Of Earth and mountains, sacred and mundane

It was one of those climate-change stories that, at least briefly, made headlines. On Aug. 19, a group of about 100 people, including Iceland’s Prime Minister Katrin Jakobsdóttir, gathered at the site of the first Icelandic glacier lost to climate change: Okjokull. A plaque titled A Letter to the Future stated, in Icelandic and English: “In the next 200 years all our glaciers are expected to follow the same path. This monument is to acknowledge that we knew what is happening and what needs to be done. Only you know if we did it.” 

Roughly equidistant from Okjokull are two legendary mountains, one, Snaefellsjokull, is near the end of a peninsula pointing to Greenland, and is renowned both as a “power center,” radiating healing power and as the site of Jules Verne’s novel, “Journey to the Center of the Earth.” The other, Hekla, to the southeast, was for centuries regarded as the gateway to Hell, a reputation founded on its long history of prodigious eruptions. 

On the other side of the world, in Tibet, there is the four-sided Himalayan Mt. Kailas. The source of four major Indian rivers, Kailas is regarded as sacred by four religions: Buddhism, Hinduism, Jainism and Bon. 

Humans have invested mountains with divinity for millennia. Mt. Olympus was regarded as the home of the Greek gods; it was on Mt. Sinai, in the Sinai Peninsula, that Moses is said to have received the Ten Commandments, while Mt. Mira, near Mecca, is thought to be the site where Muhammed received his first revelations of the Quran. 

To my knowledge, never in the history of the United States has a mountain of any height been recognized as radiating healing or as conferring a blessing on those who make a pilgrimage around it, as in the case of Mt. Kailas. From the days of the Plymouth plantation, land on this continent has been viewed as mundane: an area to be measured, fenced, exploited, with ownership officially certified in the form of a deed. In the United States, the only ground that is considered hallowed is ground on which people have been killed, as at Gettysburg and Arlington, or as the result of terrorist attack, as at Ground Zero.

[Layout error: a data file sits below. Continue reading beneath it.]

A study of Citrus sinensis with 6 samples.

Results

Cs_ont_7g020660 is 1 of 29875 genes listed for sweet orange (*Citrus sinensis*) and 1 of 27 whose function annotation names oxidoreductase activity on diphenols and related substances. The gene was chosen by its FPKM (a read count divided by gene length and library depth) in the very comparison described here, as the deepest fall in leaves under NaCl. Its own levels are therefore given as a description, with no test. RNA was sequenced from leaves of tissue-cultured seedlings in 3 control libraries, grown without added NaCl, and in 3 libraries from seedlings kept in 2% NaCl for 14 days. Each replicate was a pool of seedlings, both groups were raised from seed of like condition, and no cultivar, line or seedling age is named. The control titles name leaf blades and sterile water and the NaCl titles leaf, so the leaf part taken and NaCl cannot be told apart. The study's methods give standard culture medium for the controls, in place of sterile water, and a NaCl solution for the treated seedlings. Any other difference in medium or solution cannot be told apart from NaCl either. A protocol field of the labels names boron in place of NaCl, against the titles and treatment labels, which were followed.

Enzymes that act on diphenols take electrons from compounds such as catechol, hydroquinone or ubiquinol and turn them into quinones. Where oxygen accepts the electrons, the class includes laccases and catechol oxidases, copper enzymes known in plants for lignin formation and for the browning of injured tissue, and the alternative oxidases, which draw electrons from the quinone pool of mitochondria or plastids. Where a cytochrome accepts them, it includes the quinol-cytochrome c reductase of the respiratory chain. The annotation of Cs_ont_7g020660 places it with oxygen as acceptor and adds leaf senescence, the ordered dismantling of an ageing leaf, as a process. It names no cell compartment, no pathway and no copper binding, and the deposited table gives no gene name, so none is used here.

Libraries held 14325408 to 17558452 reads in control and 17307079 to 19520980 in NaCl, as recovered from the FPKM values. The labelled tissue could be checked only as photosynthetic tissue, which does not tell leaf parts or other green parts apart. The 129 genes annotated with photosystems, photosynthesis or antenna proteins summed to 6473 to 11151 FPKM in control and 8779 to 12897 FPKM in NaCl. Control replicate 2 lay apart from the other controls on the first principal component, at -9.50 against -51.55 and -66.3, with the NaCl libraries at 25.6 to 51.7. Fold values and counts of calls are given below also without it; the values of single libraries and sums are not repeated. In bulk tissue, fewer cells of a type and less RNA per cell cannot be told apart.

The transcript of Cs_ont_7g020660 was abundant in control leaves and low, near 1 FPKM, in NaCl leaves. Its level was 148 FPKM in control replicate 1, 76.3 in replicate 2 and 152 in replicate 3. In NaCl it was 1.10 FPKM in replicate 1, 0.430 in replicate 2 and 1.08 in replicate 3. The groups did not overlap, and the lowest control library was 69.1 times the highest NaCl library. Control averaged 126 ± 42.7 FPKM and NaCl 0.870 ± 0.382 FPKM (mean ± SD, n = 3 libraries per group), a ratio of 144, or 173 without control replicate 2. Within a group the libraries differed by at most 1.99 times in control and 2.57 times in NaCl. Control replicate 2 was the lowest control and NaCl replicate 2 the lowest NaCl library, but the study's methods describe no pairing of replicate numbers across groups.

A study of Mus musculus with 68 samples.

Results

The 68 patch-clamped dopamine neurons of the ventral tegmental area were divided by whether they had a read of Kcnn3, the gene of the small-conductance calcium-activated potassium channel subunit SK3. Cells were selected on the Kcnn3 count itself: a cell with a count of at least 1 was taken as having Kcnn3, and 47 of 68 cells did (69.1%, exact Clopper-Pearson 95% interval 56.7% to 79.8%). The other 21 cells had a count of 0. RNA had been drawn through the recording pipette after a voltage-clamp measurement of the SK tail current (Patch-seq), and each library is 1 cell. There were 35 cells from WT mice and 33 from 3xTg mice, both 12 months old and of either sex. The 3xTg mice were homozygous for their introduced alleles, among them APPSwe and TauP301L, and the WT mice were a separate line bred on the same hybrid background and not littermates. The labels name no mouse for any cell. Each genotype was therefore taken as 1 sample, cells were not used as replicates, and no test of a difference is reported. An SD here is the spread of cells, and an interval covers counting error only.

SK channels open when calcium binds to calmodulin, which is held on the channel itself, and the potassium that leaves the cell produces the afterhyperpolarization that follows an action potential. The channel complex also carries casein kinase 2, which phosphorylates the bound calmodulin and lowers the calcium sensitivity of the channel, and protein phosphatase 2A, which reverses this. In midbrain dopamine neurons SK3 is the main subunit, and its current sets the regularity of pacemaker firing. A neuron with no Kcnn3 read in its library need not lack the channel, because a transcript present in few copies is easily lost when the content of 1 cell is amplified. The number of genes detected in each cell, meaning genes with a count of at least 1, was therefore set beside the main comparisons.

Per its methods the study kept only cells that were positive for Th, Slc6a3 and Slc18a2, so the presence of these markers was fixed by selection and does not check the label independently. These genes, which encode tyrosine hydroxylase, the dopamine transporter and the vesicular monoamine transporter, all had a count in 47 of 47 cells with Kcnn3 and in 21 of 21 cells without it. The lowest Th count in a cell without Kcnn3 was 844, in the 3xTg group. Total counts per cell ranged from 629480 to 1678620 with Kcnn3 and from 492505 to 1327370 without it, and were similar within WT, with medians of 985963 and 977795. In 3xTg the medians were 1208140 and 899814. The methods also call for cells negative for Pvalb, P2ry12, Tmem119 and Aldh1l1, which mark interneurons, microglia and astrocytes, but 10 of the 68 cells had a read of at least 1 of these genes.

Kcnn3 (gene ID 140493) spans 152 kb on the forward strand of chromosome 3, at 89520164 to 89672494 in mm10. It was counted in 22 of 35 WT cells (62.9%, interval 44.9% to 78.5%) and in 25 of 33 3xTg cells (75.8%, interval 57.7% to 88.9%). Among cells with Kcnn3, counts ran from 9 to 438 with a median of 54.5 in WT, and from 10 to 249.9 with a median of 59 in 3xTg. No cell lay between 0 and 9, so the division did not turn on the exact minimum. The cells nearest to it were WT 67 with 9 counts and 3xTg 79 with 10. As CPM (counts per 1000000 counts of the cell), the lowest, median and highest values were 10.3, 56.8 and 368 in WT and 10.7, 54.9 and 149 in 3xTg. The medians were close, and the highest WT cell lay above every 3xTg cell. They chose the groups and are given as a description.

In the western hemisphere, the Navajo regard four mountain ranges as particularly sacred and throughout the United States, indigenous people have long regarded certain sites — both high and low and including lakes and rivers — as sacred. (The Standing Rock Sioux Tribe’s legal battle to prevent the Dakota Access Pipeline from desecrating sacred land is presently being fought out in the U.S. District Court, in Washington, D.C.)

Shed blood alone makes American land sacred. The rest is open to drilling, dynamiting, mining and logging, as evidenced by President Trump’s Aug. 27 instruction to Agriculture Secretary Sonny Perdue to exempt the 16.7-million-acre Tongass National Forest in Alaska from logging restrictions, and the administration’s decision to shrink the Bears Ears National Monument by 85%, thus opening for exploration and extraction more than a million acres of land regarded as significant to the spiritual life of several Southwestern tribes.

The words “one nation under God,” solemnly uttered with hand over heart while reciting the Pledge of Allegiance, ring as hollow as the Liberty Bell when that nation’s leader shows no mercy to the Lord’s creation, but instead pursues a course of pillaging, plundering and poisoning both the land and the water from sea to shining sea.



Jon Swan is a poet, translator, and free-lance writer, whose articles on environmental issues have appeared in several magazines, including Tikkun. New and collected poems can be found on-line at jonswanpoems  He and his wife live in Yarmouth, Maine.